Francis Cummins will be Super League's rookie boss in 2013 but the newly-appointed Bradford Bulls chief has been coaching for 20 years.
The former Great Britain winger, who turns 36 in December, enjoyed a distinguished playing career with Leeds but he had set his sights on becoming a coach even before he became the youngest-ever Challenge Cup finalist at the age of 17.
"I've coached since I was 16, with schools and other bits, my amateur club, so I knew what I wanted to do," Cummins said.
"I retired on my 29th birthday because I had the chance to work with Tony Smith and Brian McDermott (at Leeds).
"It was an opportunity for me to jump into the next bit of my life and become a coach.
"I had to take that opportunity and, when Brian went to Harlequins after six months, it catapulted me into the number two job."
Cummins was also right-hand man to Smith's successor at Headingley, Brian McClennan, before joining Mick Potter at Bradford two years ago.
The Rugby Football League identified him as one of the country's bright young coaching prospects when they sent him on a bursary to Australia to pick up tips from, among others, Tony Smith's older Brian, who lists Bradford among his host of top-flight clubs.
But Cummins also recognises the need to go outside the sport of rugby league to build his education and he has even picked the brains of Manchester United manager Sir Alex Ferguson.
"You need to speak to other people," he said. "I've got people who are in business I can go to and I speak to religious people.
"I went to see Alex Ferguson early on, in 2008, and it was amazing just to spend time there.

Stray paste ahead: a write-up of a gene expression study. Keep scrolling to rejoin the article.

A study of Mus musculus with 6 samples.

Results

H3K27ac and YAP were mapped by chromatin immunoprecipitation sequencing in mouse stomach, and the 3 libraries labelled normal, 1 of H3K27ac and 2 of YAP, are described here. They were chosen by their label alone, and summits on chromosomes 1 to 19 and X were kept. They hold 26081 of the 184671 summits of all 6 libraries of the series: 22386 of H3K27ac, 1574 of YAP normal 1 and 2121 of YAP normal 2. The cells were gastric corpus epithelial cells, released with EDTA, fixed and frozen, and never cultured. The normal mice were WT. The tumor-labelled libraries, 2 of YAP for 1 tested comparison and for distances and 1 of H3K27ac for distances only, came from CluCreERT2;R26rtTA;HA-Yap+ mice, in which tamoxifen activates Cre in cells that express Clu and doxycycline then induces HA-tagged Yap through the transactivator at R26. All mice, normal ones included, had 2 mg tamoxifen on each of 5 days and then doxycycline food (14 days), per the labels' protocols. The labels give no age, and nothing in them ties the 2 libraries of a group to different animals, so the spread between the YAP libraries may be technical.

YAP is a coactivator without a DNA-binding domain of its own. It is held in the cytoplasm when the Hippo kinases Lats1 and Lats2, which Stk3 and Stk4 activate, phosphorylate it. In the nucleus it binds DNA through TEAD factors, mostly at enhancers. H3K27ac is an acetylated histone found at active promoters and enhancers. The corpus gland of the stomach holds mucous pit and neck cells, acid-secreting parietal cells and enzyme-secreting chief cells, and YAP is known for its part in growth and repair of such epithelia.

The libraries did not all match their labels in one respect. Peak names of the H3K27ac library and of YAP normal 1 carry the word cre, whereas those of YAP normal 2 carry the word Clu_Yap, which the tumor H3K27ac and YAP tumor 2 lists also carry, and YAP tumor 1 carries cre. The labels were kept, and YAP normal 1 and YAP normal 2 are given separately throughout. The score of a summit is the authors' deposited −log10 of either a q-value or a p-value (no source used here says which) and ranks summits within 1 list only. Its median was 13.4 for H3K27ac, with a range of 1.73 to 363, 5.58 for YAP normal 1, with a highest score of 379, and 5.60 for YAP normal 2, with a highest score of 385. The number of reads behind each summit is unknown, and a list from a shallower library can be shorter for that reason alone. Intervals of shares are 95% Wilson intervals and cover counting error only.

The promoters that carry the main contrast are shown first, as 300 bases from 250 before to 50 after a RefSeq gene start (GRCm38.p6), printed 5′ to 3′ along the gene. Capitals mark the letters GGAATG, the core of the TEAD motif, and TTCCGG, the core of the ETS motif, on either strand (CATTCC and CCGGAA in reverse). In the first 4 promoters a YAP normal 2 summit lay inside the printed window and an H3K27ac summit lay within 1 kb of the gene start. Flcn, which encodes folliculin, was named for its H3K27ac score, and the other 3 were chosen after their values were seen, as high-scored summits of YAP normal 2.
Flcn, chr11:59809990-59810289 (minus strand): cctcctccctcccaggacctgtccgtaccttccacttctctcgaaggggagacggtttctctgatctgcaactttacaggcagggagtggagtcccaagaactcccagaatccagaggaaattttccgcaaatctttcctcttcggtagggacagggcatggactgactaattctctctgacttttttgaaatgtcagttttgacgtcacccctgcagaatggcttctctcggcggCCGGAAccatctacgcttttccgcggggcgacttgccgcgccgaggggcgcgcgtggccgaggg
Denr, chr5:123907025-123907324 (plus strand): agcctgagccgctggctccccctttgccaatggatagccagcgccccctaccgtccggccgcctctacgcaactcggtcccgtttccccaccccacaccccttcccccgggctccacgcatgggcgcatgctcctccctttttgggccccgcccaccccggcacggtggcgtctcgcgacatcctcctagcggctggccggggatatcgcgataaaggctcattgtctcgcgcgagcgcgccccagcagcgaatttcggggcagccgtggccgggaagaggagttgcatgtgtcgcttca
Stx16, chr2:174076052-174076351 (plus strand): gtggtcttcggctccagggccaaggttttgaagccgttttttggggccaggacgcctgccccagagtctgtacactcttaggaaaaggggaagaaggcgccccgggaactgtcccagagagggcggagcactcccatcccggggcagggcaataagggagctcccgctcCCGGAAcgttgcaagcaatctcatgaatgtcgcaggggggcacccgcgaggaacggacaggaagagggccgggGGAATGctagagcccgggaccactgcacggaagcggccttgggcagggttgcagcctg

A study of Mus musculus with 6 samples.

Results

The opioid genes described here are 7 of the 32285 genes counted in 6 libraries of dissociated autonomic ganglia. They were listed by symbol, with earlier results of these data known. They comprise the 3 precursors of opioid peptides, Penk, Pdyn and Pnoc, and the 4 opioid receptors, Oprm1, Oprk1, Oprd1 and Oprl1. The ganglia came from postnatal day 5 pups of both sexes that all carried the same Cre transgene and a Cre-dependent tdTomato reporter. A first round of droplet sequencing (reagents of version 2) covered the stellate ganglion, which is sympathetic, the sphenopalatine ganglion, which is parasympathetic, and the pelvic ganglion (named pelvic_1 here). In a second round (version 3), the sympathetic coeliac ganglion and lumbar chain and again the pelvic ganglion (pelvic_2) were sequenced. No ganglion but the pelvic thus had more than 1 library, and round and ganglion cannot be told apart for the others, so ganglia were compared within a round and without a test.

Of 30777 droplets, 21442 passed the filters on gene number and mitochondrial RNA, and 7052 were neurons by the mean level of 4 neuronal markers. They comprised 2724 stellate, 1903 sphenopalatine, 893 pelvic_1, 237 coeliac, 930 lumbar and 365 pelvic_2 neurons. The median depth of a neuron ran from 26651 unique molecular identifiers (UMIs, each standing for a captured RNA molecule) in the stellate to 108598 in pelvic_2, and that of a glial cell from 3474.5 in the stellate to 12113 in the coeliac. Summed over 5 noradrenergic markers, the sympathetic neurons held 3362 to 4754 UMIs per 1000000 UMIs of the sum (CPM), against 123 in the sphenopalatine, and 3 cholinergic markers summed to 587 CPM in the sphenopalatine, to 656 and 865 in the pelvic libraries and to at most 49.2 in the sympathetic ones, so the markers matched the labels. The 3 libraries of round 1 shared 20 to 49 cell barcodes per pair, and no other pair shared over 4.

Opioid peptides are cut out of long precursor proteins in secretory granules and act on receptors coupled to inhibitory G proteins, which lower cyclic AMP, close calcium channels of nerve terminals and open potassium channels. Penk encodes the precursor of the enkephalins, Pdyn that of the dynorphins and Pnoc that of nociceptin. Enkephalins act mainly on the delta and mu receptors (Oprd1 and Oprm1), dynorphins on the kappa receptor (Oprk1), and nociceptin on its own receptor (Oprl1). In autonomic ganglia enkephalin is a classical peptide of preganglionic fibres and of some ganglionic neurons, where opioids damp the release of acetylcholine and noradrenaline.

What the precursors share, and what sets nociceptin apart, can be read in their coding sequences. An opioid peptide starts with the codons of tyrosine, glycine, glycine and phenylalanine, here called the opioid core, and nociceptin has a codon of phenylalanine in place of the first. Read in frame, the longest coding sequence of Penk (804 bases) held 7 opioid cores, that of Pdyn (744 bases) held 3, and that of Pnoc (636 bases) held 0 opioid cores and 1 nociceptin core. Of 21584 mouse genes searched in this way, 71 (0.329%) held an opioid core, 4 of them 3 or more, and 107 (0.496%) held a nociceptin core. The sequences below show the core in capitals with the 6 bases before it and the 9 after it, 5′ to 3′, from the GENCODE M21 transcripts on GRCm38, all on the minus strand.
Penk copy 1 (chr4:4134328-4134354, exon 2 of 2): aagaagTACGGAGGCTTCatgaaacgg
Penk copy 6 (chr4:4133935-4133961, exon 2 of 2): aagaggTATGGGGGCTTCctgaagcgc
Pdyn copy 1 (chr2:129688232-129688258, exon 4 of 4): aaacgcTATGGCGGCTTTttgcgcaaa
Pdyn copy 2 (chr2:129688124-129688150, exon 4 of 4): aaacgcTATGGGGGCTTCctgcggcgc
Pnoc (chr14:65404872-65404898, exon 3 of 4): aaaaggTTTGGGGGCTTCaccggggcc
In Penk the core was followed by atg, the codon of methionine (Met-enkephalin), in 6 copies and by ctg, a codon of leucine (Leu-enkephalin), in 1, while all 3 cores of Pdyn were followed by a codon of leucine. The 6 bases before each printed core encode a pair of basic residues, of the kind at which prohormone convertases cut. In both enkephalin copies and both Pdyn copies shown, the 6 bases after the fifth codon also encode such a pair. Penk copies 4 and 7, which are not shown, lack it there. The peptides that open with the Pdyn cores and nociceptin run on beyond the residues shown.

"It really backs up what you're about. I would always encourage any of my staff to go out and see other sports, talk to other people, that's where your real education is."
Despite being steeped in rugby league, going back to his roots with famous nursery club Dewsbury Celtic, there was a time earlier this year when Cummins thought he might have to look elsewhere to earn a living.
He was among 16 full-time staff made redundant by the administrators when the Bulls ran into deep financial difficulties and, after much discussion with his wife Katie, he decided to keep working unpaid alongside Potter.
Hoping initially that it would only be for a matter of weeks, Cummins admits times became tough when the crisis lasted for another three months.
"We've got three kids and, when you're thinking about how I'm going to earn some money, it's a real test of everything," he said.
"I've got to publicly thank my wife Katie for that because it wasn't easy but she didn't make it any harder.
"We made made a commitment to the players pretty early, initially thinking it might only be two or three weeks or maybe a month.
"It went on longer than that but we had made the decision to the players that, whenever the season finished, we'd be still there with them.
"Without being too crude, there's are times when you really have to make a decision. We have a mortgage to pay and either you say 'do we dip into what little savings we have or do I have to earn some money somewhere else?'.
"Having come straight from school as a full-time professional rugby league player and then a coach, there were not too many avenues open to me.
"We don't live a lavish lifestyle - there are no flashy cars - but I knew the little bit of savings we had could get me to the end of the year and then it was either get a job somewhere else or find a new career.
"I've got some friends who've been really good to me who gave me the chance to do some labouring and I wasn't far off doing it.
"I may have had to do a few paper rounds here and there if it had gone on any longer."